State lawmakers nix tax on nicotine-based vape products

    A proposed tax on smokeless tobacco products won't raise as much as a tax on traditional cigarettes but both are a possibility as the 2020 Legislature puzzles over ways to balance next year's budget. Justin Sullivan/Getty Images

    Lawmakers Thursday rejected a plan that would stick a tax on vaping products over concerns that it labeled some nicotine products as safer than others.

    The proposed tax would have been chopped in half for federally designated “modified risk tobacco products” An example is snus, a kind of smokeless tobacco product tucked in the cheek.

    Rep. Mark Newton, an Augusta Republican and a bill sponsor, said the bill would define these new products, tax them and require any vendor who sells a vape product to get a license from the state. Online sales would also require the recipient to show an ID upon delivery.

    “Researchers are still learning of the potential effects of vaping,” Newton said. “But what we know is with the rapid growth of the brain and lungs in children, we know it’s crucial that we give special care and attention to keeping these out of the hands of adolescents and youth.”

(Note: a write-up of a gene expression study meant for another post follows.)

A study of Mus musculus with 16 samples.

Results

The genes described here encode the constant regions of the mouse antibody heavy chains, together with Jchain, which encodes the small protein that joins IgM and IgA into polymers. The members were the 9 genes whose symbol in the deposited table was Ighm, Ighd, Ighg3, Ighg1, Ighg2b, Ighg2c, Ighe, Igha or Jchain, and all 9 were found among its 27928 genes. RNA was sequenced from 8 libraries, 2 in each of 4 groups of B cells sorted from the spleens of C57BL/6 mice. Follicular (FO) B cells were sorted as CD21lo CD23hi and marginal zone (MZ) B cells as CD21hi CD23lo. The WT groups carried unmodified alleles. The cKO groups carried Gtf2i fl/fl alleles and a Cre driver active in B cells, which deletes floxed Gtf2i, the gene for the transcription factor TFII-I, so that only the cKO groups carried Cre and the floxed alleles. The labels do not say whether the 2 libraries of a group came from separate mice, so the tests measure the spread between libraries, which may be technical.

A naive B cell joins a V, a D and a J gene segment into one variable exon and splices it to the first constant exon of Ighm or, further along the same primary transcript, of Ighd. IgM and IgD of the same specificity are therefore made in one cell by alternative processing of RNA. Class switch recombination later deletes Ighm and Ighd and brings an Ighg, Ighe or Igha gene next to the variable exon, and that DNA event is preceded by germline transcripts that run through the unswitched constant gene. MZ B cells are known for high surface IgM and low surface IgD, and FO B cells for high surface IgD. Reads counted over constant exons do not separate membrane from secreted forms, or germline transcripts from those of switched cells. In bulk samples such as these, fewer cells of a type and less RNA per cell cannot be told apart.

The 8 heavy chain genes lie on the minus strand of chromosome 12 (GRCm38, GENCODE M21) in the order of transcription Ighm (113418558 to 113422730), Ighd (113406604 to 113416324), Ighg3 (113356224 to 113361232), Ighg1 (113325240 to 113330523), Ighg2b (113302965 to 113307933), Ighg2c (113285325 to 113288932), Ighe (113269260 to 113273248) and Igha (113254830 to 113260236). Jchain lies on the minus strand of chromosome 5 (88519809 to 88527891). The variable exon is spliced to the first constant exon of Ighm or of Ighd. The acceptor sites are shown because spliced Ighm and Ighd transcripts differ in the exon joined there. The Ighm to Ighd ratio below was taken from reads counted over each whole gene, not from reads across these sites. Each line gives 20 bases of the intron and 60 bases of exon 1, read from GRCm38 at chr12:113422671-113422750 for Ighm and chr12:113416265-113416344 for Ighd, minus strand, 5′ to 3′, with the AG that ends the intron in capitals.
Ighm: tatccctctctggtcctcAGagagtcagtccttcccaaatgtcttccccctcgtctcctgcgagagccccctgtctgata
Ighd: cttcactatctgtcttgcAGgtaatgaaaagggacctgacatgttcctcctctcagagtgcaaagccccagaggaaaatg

But some lawmakers frowned on the discounted tax rate for products deemed less harmful. Others likely just objected to the proposal of a new tax.

    “There may be changes that we need to make in the space of vaping but we don’t need to be sending the message that we’re going to cut taxes by 50% on some fiction that there’s a safe tobacco product,” said House Minority Leader Bob Trammell, a Luthersville Democrat.

    The bill failed with a 89-to-70 vote, attracting opposition from both Democrats and Republicans. Supporters were able to save the bill with a procedural maneuver, keeping the bill alive as the clock expired on Crossover Day.

    Jill Nolin
    Jill Nolin has spent nearly 15 years reporting on state and local government in four states, focusing on policy and political stories and tracking public spending. She has spent the last five years chasing stories in the halls of Georgia’s Gold Dome, earning recognition for her work showing the impact of rising opioid addiction on the state’s rural communities. She is a graduate of Troy University.